Multicellular biofilms found in kombucha, have shown promise in surviving harsh environments on Earth, prompting scientists to investigate their potential to endure space's extreme conditions. The microorganisms are even being considered as bio-factories for self-sustaining life support systems for space settlements.
Kombucha in space
ESA's Expose facility held experiments on the International Space Station to investigate if and how bacteria survive in space and in simulated martian conditions.
Samples flew on the outside of the Space Station. The results show that a microorganism, cyanobacterium, was able to repair its DNA and resume cell division even after being exposed to cosmic radiation, even resisting the destructive iron ions that cause extensive cell damage.
In many living beings, tissues regenerate like human skin or bacterial biofilms by consistently multiplying through a process of cell division. The way these cells stop dividing until they've fixed their DNA damage is still a mystery, but researchers suspect a specific gene - the sulA gene - could play a part in it. The sulA gene acts like a traffic signal for cells. It stops cells from dividing until they've repaired their DNA, like a red light stops cars from moving. It's a crucial part of a cell's safety system, ensuring that any damages are fixed before the cells continue to multiply.
Another experiment revealed that cell clusters provided a microhabitat for smaller species, showing that some cells can 'hitchhike' through space within larger groups of cells that protect the hitchhikers.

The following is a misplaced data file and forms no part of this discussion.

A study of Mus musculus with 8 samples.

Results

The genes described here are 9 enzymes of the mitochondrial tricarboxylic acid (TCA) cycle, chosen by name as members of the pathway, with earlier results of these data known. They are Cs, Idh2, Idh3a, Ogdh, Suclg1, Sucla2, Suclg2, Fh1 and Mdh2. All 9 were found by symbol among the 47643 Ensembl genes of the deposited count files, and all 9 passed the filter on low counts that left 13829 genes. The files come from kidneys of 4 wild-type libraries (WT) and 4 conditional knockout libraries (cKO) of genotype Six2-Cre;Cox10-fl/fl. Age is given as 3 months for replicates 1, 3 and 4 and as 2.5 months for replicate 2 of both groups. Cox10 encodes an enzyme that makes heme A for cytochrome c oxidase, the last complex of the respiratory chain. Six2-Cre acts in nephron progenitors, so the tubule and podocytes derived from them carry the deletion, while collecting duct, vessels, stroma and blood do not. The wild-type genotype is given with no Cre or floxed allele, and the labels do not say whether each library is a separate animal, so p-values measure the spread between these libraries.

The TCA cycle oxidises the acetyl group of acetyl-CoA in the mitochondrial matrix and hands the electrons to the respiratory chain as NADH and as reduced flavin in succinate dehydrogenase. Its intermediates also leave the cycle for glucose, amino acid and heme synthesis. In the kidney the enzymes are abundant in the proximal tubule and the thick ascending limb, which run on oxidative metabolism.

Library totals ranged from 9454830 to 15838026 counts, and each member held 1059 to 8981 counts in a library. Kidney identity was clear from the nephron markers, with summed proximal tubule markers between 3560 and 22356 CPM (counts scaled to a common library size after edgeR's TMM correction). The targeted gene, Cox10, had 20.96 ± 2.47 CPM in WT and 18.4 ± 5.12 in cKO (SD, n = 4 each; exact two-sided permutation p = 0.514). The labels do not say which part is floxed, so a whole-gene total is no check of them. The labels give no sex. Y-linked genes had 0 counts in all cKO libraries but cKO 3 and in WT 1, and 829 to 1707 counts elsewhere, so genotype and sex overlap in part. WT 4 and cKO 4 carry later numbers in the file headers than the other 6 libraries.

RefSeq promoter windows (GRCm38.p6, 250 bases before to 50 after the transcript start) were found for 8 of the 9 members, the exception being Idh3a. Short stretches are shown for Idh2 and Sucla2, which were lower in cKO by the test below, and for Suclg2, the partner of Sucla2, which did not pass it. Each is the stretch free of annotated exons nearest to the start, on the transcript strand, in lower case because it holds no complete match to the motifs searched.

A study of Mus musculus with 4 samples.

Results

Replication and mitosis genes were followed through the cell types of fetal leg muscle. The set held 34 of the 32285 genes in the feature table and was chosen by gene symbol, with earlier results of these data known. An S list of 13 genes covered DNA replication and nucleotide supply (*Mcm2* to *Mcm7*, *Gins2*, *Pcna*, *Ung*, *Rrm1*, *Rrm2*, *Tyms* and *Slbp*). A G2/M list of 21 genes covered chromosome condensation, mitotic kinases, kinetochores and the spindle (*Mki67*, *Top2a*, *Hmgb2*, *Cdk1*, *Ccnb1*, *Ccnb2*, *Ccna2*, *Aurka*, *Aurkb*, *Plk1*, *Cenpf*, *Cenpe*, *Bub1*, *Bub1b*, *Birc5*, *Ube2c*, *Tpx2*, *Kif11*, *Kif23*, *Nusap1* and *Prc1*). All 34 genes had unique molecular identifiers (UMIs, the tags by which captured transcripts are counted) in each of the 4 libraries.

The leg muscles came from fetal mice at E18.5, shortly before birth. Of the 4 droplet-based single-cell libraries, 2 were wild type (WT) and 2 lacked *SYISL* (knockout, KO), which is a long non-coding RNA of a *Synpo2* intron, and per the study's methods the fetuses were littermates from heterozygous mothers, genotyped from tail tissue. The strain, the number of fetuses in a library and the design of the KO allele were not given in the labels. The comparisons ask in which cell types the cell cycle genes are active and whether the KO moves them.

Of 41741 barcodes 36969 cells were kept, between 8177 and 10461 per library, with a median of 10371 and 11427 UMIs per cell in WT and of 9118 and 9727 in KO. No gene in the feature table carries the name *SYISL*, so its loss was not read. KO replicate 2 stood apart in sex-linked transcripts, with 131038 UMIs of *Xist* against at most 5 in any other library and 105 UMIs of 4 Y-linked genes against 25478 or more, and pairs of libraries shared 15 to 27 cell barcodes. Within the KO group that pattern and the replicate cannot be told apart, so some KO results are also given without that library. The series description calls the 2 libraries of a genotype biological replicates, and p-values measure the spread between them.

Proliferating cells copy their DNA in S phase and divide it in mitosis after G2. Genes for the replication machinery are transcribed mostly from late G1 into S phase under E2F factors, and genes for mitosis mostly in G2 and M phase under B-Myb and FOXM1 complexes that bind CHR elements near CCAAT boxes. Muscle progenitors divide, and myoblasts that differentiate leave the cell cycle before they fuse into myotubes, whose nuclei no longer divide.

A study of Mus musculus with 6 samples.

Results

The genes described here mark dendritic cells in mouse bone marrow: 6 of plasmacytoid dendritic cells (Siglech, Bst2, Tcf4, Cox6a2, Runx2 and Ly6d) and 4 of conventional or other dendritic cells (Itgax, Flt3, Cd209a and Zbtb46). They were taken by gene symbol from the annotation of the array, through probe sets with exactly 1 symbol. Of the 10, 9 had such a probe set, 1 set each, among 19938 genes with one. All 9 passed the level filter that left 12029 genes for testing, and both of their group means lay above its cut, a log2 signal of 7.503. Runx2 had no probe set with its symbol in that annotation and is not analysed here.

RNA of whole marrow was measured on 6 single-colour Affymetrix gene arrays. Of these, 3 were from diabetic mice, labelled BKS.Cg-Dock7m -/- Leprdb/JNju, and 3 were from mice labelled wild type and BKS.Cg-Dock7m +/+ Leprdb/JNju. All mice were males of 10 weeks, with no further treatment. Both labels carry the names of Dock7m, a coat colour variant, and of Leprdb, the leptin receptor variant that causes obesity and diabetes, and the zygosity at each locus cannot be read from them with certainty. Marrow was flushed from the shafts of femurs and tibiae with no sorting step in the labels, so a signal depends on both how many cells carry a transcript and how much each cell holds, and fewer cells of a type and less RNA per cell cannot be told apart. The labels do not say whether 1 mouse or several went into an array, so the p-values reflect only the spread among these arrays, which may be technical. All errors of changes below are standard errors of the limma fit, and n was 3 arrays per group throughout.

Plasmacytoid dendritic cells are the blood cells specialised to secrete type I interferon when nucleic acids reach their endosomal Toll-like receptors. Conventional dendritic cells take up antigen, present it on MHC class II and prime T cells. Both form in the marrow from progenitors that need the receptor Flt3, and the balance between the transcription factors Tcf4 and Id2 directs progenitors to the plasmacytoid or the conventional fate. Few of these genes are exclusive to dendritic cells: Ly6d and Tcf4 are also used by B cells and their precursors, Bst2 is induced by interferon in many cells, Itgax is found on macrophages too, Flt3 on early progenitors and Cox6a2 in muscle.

Planetary protection is a set of protocols to prevent harmful biological and chemical contamination from Earth reaching other planets, moons, or celestial bodies, and vice-versa. Experiments like these can help understand how cell clusters and biofilms protect against the extremes of space, preventing contamination and preventing the contamination of space missions. They could also be used to shield organisms on longer journeys through space.
Microbes can also be a valuable 'radiation model'. By understanding how these microorganisms respond, researchers can gain insights to comprehend and enhance human health and well-being. This includes developing radiation-protection strategies for astronauts in space.
To Moon and Mars
Future Artemis missions to the lunar Gateway could involve cultivating microorganisms on the Moon.
"The cultures show great potential in supporting long-term human presence on the Moon and on Mars," says Petra Rettberg, Head of the German Aerospace Center's (DLR) astrobiology group.
"Due to their ability to produce oxygen and function as bio-factories, this biotechnology could significantly enhance future space missions and human space exploration efforts," adds ESA deep space exploration scientist Nicol Caplin.
"I hope to see our samples attached to the lunar Gateway in the future or perhaps utilised on the surface of the Moon and beyond. Until then, we will continue to explore the possibilities our bio-cultures offer."